Taj hotel in Mumbai.
Taj hotel in Mumbai.
File Image

Despite the strong objection raised by opposition leaders, the BrihanMumbai Municipal Corporation's (BMC) standing committee, on Wednesday, approved the proposal to waive off the three months’ property tax of hotels take over amidst the COVID-19 pandemic. The civic body will waive off Rs 22 crore of property tax of 167 hotels across Mumbai as a gesture of gratitude.

However, the Leader of Opposition (LoP) in BMC and Congress corporator Ravi Raja, on Tuesday, wrote to the civic chief, officially lodging his objection against the waiver and calling it unfair and unethical. The LoP and other corporators pointed out that majority of these hotels have not paid the property tax arrears to the civic body, which amounts to over Rs 144 crore.

These hotels were taken over by the civic body at the height of the pandemic to house high-risk contacts, health workers and civic staff. Since a tax waiver of such level requires the state government’s clearance, which is a time-consuming procedure, BMC’s Health Department will pay the tax (Rs 22 crore) on behalf of these 167 hotels for now.

“This is a gesture of gratitude towards these hotels. They helped us when we needed space to house our staff and doctors and people arriving from other countries,” BMC Commissioner Iqbal Chahal had told the Free Press Journal.

A senior BMC official explained, “The message we want to send out is that the municipal corporation will not forget the help it got in a crisis. The payment, for now, will be made from the Health Department’s account to the assessor’s and collector’s department directly."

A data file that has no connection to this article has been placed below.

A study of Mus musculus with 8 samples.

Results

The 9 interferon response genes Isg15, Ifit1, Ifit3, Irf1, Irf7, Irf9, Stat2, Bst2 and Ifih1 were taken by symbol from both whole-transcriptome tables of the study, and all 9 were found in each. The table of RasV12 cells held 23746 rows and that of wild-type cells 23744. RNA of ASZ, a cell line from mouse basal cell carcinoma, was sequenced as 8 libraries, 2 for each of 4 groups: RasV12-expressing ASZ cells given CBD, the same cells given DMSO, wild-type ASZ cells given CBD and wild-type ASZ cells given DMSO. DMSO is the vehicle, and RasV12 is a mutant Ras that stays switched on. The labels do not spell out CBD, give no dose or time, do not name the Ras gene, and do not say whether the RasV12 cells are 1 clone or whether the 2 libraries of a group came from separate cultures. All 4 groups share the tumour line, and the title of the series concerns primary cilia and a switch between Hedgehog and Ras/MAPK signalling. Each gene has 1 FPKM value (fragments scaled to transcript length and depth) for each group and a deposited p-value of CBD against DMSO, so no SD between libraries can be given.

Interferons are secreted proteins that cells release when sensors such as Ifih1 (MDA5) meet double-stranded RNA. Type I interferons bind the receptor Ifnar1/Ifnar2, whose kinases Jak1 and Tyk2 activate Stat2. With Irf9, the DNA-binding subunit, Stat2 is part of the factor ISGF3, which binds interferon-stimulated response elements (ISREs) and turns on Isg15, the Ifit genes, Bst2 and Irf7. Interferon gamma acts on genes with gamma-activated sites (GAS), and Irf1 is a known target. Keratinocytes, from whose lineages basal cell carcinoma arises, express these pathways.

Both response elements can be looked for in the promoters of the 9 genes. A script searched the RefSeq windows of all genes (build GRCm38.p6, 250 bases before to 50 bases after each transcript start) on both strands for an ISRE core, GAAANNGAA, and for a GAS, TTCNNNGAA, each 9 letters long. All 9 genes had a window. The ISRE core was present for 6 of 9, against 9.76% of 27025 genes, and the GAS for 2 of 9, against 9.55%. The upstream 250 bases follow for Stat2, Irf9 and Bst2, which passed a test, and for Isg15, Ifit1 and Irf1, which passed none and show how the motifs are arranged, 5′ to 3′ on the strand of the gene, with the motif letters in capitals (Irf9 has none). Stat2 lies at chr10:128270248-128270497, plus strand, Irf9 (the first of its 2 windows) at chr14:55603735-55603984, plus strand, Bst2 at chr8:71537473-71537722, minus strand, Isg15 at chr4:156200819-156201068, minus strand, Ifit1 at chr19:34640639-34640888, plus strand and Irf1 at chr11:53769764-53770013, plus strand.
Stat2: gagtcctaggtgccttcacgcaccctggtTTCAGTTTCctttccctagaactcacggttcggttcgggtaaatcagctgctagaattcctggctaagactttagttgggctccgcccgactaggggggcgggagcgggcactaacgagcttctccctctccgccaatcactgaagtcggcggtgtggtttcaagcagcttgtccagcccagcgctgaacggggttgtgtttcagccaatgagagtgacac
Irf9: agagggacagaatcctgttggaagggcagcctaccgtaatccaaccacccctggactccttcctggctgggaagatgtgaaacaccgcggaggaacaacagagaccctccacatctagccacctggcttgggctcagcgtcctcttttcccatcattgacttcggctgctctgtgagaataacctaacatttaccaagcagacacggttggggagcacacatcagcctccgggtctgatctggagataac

The tax waiver is for the three months (April, May and June) and will act as a big relief to the hotels that faced huge losses during the lockdown. BMC took over close to 5,000 hotel rooms. People arriving from other countries needed to be quarantined for the mandatory 14 days.

It also needed rooms to house other high-risk contacts and its own staff, including doctors and nurses, who would have posed a risk to their families if they went home from work every day after work.

“This is a wrong decision. BMC had paid for those rooms that were acquired. It was the need of the hour. Majority of these hotels have evaded paying property tax for the year, and do not deserve the waiver," said Rais Shaikh, Samajwadi Party corporator from Mandapura and Bhiwandi MLA.

However, civic officials justified the move by saying, "Though we paid for these rooms that we took over, it was nowhere near their earnings per room in pre-COVID-19 times."

"The daily tariff paid for a five-star hotel roomS was Rs 3,500 plus taxes, for 4-star rooms Rs 2,500 plus taxes, for three 3-star rooms Rs 2000 plus taxes and non-star rooms Rs 1,500 plus taxes. This was inclusive of three meals a day. Only people arriving from other countries paid for their stay. For everybody else, the entire cost was borne by the BMC. I and other corporators in the opposition objected, but the proposal was approved by the standing committee," said Ravi Raja. He added, "Majority of these hotels have not paid the property tax arrears to the tune of Rs 144 crore. An additional waiver will be unfair to Mumbaikars. The administration is yet to officially clear the proposal of property tax waiver on flats / residential units admeasuring less than 500 square feet."